Federal investigators have added 51 salmonella cases to an outbreak linked to three Foster Farms chicken plants, bringing the total to 481 over the past year, but the company said its prevention efforts are paying off.
The U.S. Centers for Disease Control and Prevention had announced in January that the outbreak appeared to be over, with no new reports of sickened consumers, but that changed with the new findings.
The outbreak, tied to raw chicken from the massive plant in Livingston and two smaller plants in Fresno, has affected people in 25 states and Puerto Rico since it started March 1, 2013, the CDC said. Three-quarters of those affected were in California.
No deaths were reported, but 38 percent of the victims were hospitalized, the CDC said. The symptoms can include digestive problems, chills and headaches.
A smaller outbreak involving Foster Farms last year, which affected 134 consumers in 13 states but no deaths, appears to be over, the CDC said.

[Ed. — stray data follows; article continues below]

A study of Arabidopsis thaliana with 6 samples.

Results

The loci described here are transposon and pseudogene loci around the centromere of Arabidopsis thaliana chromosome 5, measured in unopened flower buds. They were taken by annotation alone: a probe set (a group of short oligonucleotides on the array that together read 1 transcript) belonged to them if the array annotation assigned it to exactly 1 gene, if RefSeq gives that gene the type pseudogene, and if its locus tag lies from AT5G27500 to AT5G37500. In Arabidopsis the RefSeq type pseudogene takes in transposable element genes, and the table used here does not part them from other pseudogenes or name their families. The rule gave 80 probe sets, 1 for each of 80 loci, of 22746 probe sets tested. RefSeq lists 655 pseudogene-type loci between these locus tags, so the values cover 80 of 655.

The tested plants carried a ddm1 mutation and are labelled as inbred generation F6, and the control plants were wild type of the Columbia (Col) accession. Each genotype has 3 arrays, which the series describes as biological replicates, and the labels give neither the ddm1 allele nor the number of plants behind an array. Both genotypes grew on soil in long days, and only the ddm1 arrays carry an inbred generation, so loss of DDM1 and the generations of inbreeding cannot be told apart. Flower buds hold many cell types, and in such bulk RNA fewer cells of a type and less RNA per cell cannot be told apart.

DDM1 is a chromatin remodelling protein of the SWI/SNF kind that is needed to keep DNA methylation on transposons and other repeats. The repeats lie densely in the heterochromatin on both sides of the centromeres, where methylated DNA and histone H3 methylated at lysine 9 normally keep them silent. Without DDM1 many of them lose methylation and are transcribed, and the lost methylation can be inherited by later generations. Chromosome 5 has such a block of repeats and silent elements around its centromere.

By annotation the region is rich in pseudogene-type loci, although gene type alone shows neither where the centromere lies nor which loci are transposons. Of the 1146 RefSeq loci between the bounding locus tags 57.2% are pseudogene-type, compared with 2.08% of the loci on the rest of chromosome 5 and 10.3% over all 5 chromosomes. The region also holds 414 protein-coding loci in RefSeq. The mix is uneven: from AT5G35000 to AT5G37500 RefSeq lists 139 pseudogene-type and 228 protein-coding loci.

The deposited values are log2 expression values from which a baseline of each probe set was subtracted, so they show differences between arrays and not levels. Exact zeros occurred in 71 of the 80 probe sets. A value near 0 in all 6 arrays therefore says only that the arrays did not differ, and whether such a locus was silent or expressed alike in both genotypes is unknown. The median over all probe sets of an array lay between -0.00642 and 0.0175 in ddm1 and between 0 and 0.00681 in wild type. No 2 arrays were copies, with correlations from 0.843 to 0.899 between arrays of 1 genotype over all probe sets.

Foster Farms, the top-selling poultry producer in the West, employs about 3,500 people in Livingston and about 8,500 others at chicken and turkey operations in California and six other states. It has reported annual sales of $2.3 billion but said in October that the salmonella issue caused a 25 percent dip.
The bacteria brought a threat of a federal shutdown of the three plants in October, which Foster Farms averted after submitting improvement plans to the U.S. Department of Agriculture. In January, a cockroach problem led to a three-day federal closure, followed by a 10-day voluntary shutdown that Foster Farms said would ensure that the problem was fixed. The insects can carry microbes that cause disease, officials said.
Salmonella occurs naturally in chicken, and health officials say consumers can protect themselves by cooking the meat thoroughly and washing knives, cutting boards and other objects that come in contact with the raw product.
In a written statement this week, Foster Farms said testing has found reduced levels of salmonella. The main concern is raw chicken pieces cut from whole birds. The industry benchmark is salmonella in up to 25 percent of samples, but the company said it is now under 10 percent.
“We are on the right track and have made outstanding progress,” Chief Executive Officer Ron Foster said. “Millions of consumers continue to enjoy Foster Farms poultry products each day, and we want to ensure that they have the safest, healthiest experience.”